We had the great fortune of having mjw join us for dinner. This seemed like the perfect occasion to make something a bit more involved—ravioli was the perfect adventure. Turns out mjw is a natural at the pasta making! Going with a very seasonally appropriate recipe, we stuffed the ravioli with mashed parsnip and topped it with a mushroom ragoût and added a side salad. As this was a long process, we tried out pkf‘s suggested polenta fries with our leftover polenta.
We started with the pasta making, this time trying out Jamie Oliver’s simple pasta recipe in The Naked Chef; however I stuck with my tip from Mario Batali and used regular white flour plus 1 T wheat gluten per 1 C flour. This amounted to 3 C + 3 T flour and 5 eggs. mjw mixed and kneaded, putting his med-school CPR skills to good use, but the dough was very dry…maybe because of the white flour?
We took our refrigerated leftover polenta, drained the liquid, cut it into strips, and heated up some vegetable oil. We tried to monitor the oil temperature, but the first polenta pieces we put in bubbled and spattered and totally fell apart, but the small pieces we fished out were delicious, leaving us optimistic. Maybe the oil was too hot, so we let it cool a bit and tried again. By the end we used slightly cooler oil and dried the polenta sticks on paper towels before putting them into the pan. After a couple minutes in the oil, the polenta gained a nice, almost breaded, crust and—as all frying seems to do—made the polenta irresistibly delicious, though maybe a bit greasy.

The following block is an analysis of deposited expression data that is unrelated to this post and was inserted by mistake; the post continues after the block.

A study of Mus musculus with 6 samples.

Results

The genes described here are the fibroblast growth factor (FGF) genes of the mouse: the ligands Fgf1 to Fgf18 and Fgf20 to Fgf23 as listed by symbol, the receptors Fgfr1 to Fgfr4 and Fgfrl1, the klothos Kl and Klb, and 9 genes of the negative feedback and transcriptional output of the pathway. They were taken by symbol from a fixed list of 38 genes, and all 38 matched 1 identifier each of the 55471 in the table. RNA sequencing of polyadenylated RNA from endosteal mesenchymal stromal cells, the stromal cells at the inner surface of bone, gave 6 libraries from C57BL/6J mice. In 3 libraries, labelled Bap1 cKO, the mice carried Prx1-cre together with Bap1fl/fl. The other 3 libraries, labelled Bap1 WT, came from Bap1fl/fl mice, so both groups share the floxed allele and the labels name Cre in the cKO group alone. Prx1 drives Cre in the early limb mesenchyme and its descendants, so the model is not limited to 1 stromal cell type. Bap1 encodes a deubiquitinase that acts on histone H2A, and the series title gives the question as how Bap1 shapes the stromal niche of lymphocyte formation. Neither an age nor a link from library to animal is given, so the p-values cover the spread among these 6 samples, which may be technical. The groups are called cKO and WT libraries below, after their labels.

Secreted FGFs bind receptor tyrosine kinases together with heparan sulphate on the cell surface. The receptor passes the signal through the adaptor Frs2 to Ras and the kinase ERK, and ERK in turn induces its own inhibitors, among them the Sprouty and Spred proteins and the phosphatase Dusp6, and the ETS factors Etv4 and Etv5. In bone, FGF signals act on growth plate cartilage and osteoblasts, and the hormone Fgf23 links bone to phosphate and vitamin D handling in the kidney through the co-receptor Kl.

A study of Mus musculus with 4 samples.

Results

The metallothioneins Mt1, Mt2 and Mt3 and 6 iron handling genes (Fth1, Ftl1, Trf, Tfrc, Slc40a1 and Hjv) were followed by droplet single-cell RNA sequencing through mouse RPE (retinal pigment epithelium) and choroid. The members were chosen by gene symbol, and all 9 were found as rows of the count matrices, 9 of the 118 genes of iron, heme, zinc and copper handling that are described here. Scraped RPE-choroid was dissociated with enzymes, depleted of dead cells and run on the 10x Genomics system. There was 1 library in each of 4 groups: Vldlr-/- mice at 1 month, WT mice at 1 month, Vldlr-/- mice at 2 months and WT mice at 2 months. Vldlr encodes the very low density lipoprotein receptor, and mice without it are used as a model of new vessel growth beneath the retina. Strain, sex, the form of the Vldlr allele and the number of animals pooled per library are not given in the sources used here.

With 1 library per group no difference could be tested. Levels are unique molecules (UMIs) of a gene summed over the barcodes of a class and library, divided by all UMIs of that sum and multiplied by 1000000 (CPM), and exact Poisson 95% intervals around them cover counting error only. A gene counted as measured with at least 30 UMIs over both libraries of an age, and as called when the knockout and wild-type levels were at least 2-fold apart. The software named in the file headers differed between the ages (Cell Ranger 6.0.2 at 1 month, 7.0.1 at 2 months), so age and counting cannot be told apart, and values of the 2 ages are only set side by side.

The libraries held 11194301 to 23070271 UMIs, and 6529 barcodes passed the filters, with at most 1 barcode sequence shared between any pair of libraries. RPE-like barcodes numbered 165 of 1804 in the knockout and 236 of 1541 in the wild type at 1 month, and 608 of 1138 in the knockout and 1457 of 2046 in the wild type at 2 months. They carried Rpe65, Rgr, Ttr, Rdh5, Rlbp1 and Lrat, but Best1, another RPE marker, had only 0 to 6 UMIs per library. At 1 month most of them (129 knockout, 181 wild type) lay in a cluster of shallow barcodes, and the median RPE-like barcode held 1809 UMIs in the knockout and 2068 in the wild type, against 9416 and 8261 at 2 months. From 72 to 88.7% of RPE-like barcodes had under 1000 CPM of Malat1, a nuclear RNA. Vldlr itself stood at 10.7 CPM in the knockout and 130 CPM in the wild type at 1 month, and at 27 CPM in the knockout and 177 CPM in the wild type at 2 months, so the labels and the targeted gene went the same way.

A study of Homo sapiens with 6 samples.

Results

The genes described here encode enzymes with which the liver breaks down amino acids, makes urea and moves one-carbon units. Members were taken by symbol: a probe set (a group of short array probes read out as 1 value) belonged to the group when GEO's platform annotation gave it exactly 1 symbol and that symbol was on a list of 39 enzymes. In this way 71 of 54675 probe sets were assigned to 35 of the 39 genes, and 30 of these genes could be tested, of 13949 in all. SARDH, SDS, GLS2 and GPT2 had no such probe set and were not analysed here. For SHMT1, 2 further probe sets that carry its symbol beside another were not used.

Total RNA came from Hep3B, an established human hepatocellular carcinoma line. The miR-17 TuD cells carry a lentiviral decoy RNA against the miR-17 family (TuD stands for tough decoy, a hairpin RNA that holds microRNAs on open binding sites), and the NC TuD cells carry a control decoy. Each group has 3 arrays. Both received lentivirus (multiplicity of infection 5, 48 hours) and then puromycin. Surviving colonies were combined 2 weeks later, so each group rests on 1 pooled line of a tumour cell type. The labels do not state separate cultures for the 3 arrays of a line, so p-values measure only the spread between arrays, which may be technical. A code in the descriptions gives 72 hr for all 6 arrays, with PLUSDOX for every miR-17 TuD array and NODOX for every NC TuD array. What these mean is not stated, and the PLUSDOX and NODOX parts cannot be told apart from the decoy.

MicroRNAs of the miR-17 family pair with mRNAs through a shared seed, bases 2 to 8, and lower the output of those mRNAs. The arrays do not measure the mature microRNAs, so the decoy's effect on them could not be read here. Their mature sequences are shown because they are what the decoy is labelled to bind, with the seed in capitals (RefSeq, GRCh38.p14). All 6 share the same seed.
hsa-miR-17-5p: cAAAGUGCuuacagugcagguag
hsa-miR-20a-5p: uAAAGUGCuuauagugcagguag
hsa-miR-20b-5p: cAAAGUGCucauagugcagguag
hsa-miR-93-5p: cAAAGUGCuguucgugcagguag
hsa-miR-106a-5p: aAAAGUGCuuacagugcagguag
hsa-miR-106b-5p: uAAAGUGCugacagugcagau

While we enjoyed the polenta fries, we started the parsnips boiling and the mushrooms simmering. We followed the recipe to the letter, using both portabella and white mushrooms; we let them simmer down for ~30 minutes.
Once the pasta was set, mjw‘s pasta skills really began to shine. First, he rolled out the sheets by hand, and then we finished them in the pasta maker to thinness “5.” I pureed the boiled parsnips, sage, and parmesan with the hand blender and added just a touch of s&p. The filling itself was tasty and only improved when wrapped in the delicate pasta sheets. The pasta worked great—not sticky or fragile—and the raviolis came together easily.
Finally, we boiled up the raviolis and ate! The ravioli and ragoût paired amazingly well together. On its own the ragoût wasn’t super rich, but we wouldn’t want it any more intense or it might overpower the delicate turnip flavor of the ravioli. We ended up with more pasta dough than filling, and more filled ravioli than ragoût, so next time we would definitely make a bit more sauce.